Saturday, November 16, 2013

Stone Whorls

My sister is a world class goldsmith.  Since he retired in 1980, my father has been doing lapidary work for my sister.  He does fine, one of  kind, gems for her small sculptures.

Fifteen yeas ago he bought a big lot of fine jade, and for the last couple of years we have talked about him making me some stone whorls from that jade. My sister has superb drawing skills and he is accustomed working from drawings. Along the way, I did a lot of calculations.   I made spindles that accepted interchangeable whorls, and tested various shapes of whorls.  I bought "whorl" beads of various kinds and tested them. At one point, I made a full set of  CAD files for the project.   And, I talked to folks like Stephenie that have collections of  real neolithic spindle whorls.

My conclusions were:

1. Stone spindle whorls are fragile and they tend to get lost. 

As a result, I expected production spinners to use the least expensive whorls available.  This is born out by the large number of crude stone and ceramic whorls that  have been found. My response was to use machine made whorl beads.  Today, a broad variety are available, and can easily be tested.

2.  "Carved" whorl beads tend not to be very well balanced so that substantial amounts of rotational energy goes into gyroscopic stabilization rather than into twist, and spindles with carved whorl beads tend to slow rapidly. The  goal of spinning is to insert twist quickly.   Energy going anywhere but to insert twist is BAD.

3,  Carved whorl beads tend to have more aerodynamic drag and hence tend to slow more rapidly.

4.  Production spinners, seeking to spin as fast as possible are very unlikely to use carved whorl beads  in their production spinning. Carved whorl beads are a store of value, rather than a functional tool for rapid yarn production.

5.  I preferred smaller, higher density whorls made of metal.  For example brass is ~ 2.5 times denser than jade. I quickly discovered that for fast (worsted) spinning, I liked small, well balanced brass whorls much better than even very well balanced jade whorls. And, the metal whorls were cheaper, and less fragile. In any industry, production workers who buy their own tools, like cheap and durable.  I made a lot of brass whorls to test.  I liked the way the worst of the brass whorls spun better than the way the best stone whorls spun.  I came to feel that better spindles and therefore cheaper textiles was one of the major contributions of the bronze age. I told my dad not to bother making those stone whorls for me.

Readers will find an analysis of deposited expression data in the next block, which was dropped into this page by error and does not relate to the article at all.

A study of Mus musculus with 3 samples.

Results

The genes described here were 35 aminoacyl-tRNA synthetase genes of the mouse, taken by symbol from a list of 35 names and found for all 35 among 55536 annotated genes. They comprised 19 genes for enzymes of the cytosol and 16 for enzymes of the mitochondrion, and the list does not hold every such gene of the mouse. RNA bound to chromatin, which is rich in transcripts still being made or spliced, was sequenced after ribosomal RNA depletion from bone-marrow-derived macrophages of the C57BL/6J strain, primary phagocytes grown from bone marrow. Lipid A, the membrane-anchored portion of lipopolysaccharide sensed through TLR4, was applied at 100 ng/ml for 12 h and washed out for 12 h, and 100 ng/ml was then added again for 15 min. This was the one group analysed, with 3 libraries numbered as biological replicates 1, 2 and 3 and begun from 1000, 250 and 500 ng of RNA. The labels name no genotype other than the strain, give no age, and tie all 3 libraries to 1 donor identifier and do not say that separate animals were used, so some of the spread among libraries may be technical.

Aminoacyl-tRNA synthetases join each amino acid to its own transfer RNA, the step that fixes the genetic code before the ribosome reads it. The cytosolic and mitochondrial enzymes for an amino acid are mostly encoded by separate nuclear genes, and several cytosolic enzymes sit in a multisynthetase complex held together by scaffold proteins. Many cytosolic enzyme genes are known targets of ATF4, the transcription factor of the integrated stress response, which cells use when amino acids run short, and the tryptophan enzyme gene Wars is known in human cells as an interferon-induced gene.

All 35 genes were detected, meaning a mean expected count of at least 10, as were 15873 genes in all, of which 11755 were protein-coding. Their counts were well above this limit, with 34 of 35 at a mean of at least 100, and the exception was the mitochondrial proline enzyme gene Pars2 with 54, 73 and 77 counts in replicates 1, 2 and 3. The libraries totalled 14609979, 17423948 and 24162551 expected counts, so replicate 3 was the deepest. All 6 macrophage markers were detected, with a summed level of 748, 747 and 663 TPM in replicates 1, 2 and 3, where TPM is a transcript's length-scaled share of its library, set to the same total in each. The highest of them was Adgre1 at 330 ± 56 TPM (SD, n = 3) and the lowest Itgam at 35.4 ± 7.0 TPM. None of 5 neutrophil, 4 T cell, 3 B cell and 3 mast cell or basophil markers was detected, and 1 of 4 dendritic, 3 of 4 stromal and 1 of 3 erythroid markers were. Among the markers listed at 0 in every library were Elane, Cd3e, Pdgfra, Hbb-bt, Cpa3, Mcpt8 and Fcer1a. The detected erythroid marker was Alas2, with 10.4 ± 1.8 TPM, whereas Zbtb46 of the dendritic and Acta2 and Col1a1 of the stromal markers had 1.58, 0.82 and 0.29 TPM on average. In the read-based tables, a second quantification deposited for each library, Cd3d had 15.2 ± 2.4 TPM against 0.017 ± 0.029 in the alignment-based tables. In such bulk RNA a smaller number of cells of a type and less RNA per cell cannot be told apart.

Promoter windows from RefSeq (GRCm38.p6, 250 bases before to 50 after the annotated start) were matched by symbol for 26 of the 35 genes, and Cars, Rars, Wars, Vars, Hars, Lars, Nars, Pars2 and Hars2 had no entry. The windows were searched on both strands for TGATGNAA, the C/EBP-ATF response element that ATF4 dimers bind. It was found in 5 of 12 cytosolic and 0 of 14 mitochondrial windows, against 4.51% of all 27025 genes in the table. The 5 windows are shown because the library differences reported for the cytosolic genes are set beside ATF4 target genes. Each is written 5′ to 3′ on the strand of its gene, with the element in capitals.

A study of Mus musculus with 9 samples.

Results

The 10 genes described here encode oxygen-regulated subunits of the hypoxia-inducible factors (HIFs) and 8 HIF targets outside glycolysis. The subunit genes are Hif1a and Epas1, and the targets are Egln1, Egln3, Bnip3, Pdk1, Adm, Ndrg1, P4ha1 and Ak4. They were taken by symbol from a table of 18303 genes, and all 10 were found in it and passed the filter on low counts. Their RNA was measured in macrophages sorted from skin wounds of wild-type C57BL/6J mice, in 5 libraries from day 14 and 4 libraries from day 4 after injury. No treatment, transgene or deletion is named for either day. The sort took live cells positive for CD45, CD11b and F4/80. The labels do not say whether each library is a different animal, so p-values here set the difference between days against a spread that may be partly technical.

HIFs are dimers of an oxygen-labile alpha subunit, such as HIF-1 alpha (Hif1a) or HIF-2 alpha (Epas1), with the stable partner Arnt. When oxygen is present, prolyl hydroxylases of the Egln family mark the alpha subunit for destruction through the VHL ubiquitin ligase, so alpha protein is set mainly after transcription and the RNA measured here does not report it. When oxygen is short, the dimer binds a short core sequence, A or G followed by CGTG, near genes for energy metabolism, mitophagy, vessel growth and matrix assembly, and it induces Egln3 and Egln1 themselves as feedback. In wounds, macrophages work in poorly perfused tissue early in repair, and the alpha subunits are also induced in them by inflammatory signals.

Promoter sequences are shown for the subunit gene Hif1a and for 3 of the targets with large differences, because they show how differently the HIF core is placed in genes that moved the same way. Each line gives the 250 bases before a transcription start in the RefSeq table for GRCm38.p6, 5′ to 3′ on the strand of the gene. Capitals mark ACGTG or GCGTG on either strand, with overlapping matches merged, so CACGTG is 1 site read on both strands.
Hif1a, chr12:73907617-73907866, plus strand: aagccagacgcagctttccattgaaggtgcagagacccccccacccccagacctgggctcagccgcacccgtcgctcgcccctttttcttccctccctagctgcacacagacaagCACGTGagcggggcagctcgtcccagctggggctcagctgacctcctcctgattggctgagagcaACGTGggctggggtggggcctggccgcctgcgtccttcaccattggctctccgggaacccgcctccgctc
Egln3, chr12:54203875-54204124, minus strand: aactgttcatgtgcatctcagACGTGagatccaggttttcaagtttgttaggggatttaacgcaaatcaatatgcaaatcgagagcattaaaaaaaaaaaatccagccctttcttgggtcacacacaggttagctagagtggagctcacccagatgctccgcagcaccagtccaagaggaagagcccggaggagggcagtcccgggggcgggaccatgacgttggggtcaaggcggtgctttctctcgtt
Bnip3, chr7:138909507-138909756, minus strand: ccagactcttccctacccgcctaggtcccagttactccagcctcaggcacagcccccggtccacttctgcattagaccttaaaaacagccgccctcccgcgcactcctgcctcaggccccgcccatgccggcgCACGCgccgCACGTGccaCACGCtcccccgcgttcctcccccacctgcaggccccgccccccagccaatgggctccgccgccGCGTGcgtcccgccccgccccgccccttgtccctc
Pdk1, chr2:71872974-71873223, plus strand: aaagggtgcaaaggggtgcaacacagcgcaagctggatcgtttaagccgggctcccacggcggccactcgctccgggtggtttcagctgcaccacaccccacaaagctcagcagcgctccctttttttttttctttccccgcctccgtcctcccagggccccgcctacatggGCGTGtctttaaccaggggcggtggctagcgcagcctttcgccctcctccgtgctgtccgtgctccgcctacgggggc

The above was all done when I was mostly spinning and thinking about worsted 5-ply knitting yarn with singles running 5,600 ypp.

This summer, I have been thinking about woolen spun yarns for weaving.  Woolen is a different kind of drafting and it makes different demands on the spindle.  Why should I use the same spindle for woolen and for worsted spinning?  Why does a spindle used for woolen spinning need the large moment of inertia provided by a whorl?  

The way (with a hand spindle) to quickly spin a lot of woolen yarn  with a hand spindle is with a 'twisty stick'.  A whorl just slows things down.  Yes, you need a whorl for worsted spinning (wool or cotton).  Yes, you need a whorl for linen, hemp, and nettles.  Do your physics home work, and calculate the moment of inertia that you require for your current spinning project.  It may be smaller than you think.


Susan Stewart said...

The archeological evidence is limited, but in th eUK at least lead whorls, with some pottery, and wood and the occasional bone spindle are what show up.

Easy to use and easy to replace with no special skills required-you break a spindle and there's a nice pile of sticks or the remains of lunch from a few weeks ago from which you can easily whittle a replacement. Clay and lead whorls are easily made with none or little specialized technology-I've made lead weights for fishing myself melting down old lead pipe and low tech molds (my Dad was a bit of believer in Doing Thing Himself no matter what the safety issues!) and making lead whorls would be no more complex.

However brass or other metal spindles require more technological sophistication and hence would need to be traded and specialist manufacture. And would be more valuable. We find no such evidence of manufacture or trade or mention in wills.

Doesn't rule it out as a possibility of course, but just because something would have done the job better doesn't mean it was actually used.

Aaron said...

Lead is heavier than bronze, iron, copper, tin (or silver) and thereby a lead (or gold) whorl has a different design. Pewter was available after 1500 BC and would also work.

I was working my way up to higher specific gravity whorl materials, liked (brass) and stopped.

If folks are riding iron shod horses, the culture understands the smelting and forging of iron. Blacksmiths know how to make tools. If shipwrights and masons have steel tools, than spinners and weavers also have access to steel.